Legislature passes bill to protect adult entertainers, prevent trafficking and assault

OLYMPIA – In recent years, workers in adult entertainment establishments have come forward citing workplace safety and security issues. In the wake of these revelations, Rep. Tina Orwall, D-Des Moines, collaborated with a coalition of adult entertainers to increase safety conditions at work.

House Bill 1756, which passed the Legislature on Wednesday, puts an end to hazardous workplace policies for adult entertainers.

The legislation requires development of consistent workplace contracts for adult entertainers working in clubs. This includes education of labor rights and sex trafficking prevention, reporting of harassment and abuse, and recording of accusations by the club owners. The bill also requires clubs to install panic buttons in key areas of clubs to prevent assaults on workers.

“The brave workers who have come forward to address issues in their industry have been leading this conversation. They are telling the legislature that things aren’t working for them,” said Orwall. “We must ensure that every worker in our state feels safe and protected across all industries.”

“I support women workers and business owners to have agency to come together to leverage collective power to improve working conditions to better provide for themselves and their families,” stated Senator Rebecca Saldaña, D-Seattle, who sponsored the companion Senate Bill 5724. “The adult entertainers have shared compelling stories and have come together to have their state democracy work to improve their lives. I am honored and inspired to work with them.”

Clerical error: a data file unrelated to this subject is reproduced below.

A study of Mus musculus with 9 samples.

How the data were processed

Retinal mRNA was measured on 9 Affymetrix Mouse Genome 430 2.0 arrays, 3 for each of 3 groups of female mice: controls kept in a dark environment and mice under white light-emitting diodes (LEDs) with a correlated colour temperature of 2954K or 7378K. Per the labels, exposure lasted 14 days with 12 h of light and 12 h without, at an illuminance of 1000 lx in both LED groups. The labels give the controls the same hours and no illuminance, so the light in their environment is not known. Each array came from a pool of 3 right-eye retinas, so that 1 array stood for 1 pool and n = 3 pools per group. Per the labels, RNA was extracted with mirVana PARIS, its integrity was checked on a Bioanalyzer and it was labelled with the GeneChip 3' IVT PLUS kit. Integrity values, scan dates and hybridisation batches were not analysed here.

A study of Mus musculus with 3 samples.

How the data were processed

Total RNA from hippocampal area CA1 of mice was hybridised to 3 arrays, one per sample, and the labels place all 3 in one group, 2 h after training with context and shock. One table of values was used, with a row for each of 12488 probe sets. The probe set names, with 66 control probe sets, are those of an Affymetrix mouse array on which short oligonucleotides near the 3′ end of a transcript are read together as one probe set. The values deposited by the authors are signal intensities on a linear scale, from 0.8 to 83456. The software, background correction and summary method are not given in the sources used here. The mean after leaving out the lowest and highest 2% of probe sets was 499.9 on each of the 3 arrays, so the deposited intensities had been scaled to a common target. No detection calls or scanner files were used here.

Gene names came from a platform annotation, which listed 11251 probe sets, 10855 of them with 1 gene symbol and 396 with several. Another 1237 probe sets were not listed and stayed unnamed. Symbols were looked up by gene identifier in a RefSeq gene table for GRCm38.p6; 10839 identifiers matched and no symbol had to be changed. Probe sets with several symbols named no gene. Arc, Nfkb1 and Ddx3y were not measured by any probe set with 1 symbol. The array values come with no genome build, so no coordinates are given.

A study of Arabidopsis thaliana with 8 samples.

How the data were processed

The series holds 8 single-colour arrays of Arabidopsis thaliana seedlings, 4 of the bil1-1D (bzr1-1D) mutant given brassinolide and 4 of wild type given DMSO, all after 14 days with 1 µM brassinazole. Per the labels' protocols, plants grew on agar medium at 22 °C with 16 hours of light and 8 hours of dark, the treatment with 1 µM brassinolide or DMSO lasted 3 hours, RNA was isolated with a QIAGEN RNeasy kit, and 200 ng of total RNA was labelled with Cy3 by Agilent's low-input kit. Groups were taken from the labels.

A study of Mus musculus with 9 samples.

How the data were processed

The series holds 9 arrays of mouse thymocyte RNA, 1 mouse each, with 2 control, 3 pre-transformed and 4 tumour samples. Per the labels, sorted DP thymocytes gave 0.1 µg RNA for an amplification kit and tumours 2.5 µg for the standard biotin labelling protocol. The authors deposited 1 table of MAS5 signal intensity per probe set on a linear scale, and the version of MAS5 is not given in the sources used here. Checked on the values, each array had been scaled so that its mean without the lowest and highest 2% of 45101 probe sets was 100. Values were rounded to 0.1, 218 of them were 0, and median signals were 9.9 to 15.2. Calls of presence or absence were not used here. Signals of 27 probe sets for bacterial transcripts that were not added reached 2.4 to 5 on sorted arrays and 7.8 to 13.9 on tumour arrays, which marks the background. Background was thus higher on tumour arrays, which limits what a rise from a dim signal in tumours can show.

Over the past several years, adult entertainers have become more vocal and organized in improving workplace standards. Some have even made claims that management prevented emergency calls in cases of sexual assault to avoid the attention of law enforcement. Additionally, the industry does not have consistent house fee and tipping policies, the primary way adult entertainers generate income.

“Dancers are workers, and dozens of them have been organizing to address some serious safety and security issues they face at work,” said Rachel Lauter, Executive Director of Working Washington & Fair Work Center, who worked alongside dancers to help craft the legislation. “Working with Representative Orwall and Senator Saldaña, they are helping to not only shape the bill but also the future of their industry.”

The legislation will now go back to the House for concurrence on the Senate amendment.